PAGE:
Bouncing down red dirt roads, watching endless trails of banana trees, coffee bushes, and jack fruit pass by, the lush vegetation and blue skies almost make it easy to forget how hard life can be for rural Ugandans. In the Rakai district, HIV and AIDS have orphaned swathes of children, leaving them in the care of elderly relatives and creating many child-headed households, which often forces children into labouring work. Without the time to develop agricultural skills – in a country where some 83 per cent of the population live in rural areas and rely on subsistence agriculture – the prospects of developing food secure communities can be low.
Life before Send A Cow
Standing in the hot midday sun with a shovel in hand, farmer Kiwanuka Gastus speaks to us about how he came to care for his brother’s three orphaned children, as well as caring for his own six biological children. His brother passed away in January 2016, after learning that he had contracted HIV (a story that is all too familiar in Rakai district). Gastus told us what life was like before Send A Cow: “We had to buy everything, all kinds of vegetables. Children frequently had diarrhoea because of poor hygiene and sanitation. They couldn’t wash hands after using the toilet, which resulted in high expenditures on medical care.”
People having to labour in neighbouring villages to pay for medical bills leaves little time to tend to their own subsistence, and the lack of time and resources to create a functional homestead takes the greatest toll on the least resilient members of the community – children and the sick.
Send A Cow’s Hand Up
Despite the name, and commonly held belief, Send A Cow do not fly cattle from temperate Devon to the tropics – a cow is sourced in the country where it’s needed. But this is only a small part of Send A Cow’s holistic hand-up approach. At the core of Send A Cow are the direct benefits from the cow itself: milk for drinking and cheese making along with sales of surplus milk; cow dung for organic fertiliser and as a component of construction materials; cow urine for treating banana wilt, a soil-borne disease that affects banana trees (a staple of the Ugandan farmer).
However, in addition to receiving livestock, agricultural training, and seeds, beneficiaries of Send A Cow learn about nutrition, health, and accounting/record keeping. Send A Cow have developed an array of simple, easy to construct solutions for many of the problems faced by people rural Uganda.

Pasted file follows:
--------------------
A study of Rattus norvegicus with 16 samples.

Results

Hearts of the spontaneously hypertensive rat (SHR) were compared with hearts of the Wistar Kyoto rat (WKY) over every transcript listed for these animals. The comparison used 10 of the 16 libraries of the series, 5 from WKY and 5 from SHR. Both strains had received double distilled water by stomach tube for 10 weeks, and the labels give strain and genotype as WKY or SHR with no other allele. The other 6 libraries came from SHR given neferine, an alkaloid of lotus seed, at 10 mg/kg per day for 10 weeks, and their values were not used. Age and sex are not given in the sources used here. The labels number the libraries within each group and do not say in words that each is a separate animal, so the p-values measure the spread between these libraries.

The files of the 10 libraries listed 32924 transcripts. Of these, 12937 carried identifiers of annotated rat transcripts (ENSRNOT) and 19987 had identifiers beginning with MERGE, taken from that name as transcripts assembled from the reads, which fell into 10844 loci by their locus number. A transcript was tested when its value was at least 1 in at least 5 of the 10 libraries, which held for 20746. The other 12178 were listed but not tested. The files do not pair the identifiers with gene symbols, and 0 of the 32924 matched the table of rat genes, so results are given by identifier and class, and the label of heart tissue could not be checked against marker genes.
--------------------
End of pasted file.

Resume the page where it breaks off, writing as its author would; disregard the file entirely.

Gastus proudly shows us a ‘double dig’ gardening bed he is constructing, designed to enrich growing medium and increase water retention for vegetable growing in drier months: a four-foot by six-foot bed is dug out and layered with organic matter (cut grass and other waste greenery), before layering over the top with compost and soil. We take a walk down the road to visit his agroforestry plot – a food forest containing coffee, banana, maize, groundnuts and bee hives – to help harvest coffee.
As we push banana leaves out of the way, ducking under coffee branches and being careful not tread on newly-planted saplings beneath us, Gastus points to the contours he has dug across the slope – “these contours control soil erosion and allow us to harvest water during the rainy season” – and motions to show us where he now applies manure and home-made compost at the base of his banana and coffee plants. These techniques represent just some of the organic farming practices and soil conservation techniques being utilised, as a result of Send A Cow’s influence.
Back at the house, we are shown the devices that Send A Cow has taught people to construct to help with hygiene and sanitation, including a ‘tip-tap’ (a tap where you can use your foot to pour water for handwashing), a plate rack which allows plates to be stored and dried without being left on or near the ground, and a fuel saving stove built out of clay.
But like many of the Send A Cow farmers we visited, Gastus is innovating, using his own creativity and knowledge to go beyond the teaching of Send A Cow: two large beehives constructed from cow dung and tree branches sit nestled in a hedge close to the kitchen garden. We cautiously approach, with the buzz of the hive increasing as we listen to how Gastus started selling honey at the local market.
Once he had made enough money to save for 10 new wooden beehives, his honey selling really took off: “It is the best honey in the area,” he says, “it is not tampered with like others, where sugar syrup is added.” His honey sales are a large portion of what allows him to pay for all nine children to attend school. Gastus and his wife plan to educate their children to university level, by increasing their income through developing their apiary, selling milk and expanding coffee production.
Gastus and his family’s story is just one example of how, when given the chance (or a ‘hand-up’), people can flourish – despite the harsh realities of battling HIV/AIDs and a distinct lack of governmental support, they have gone beyond the subsistence that Send A Cow initially teaches and are pursuing their commercial and social ambitions. They are reaping the rewards of the rich soils and climate that Uganda provides for growing and leaving as small a footprint as possible in the process.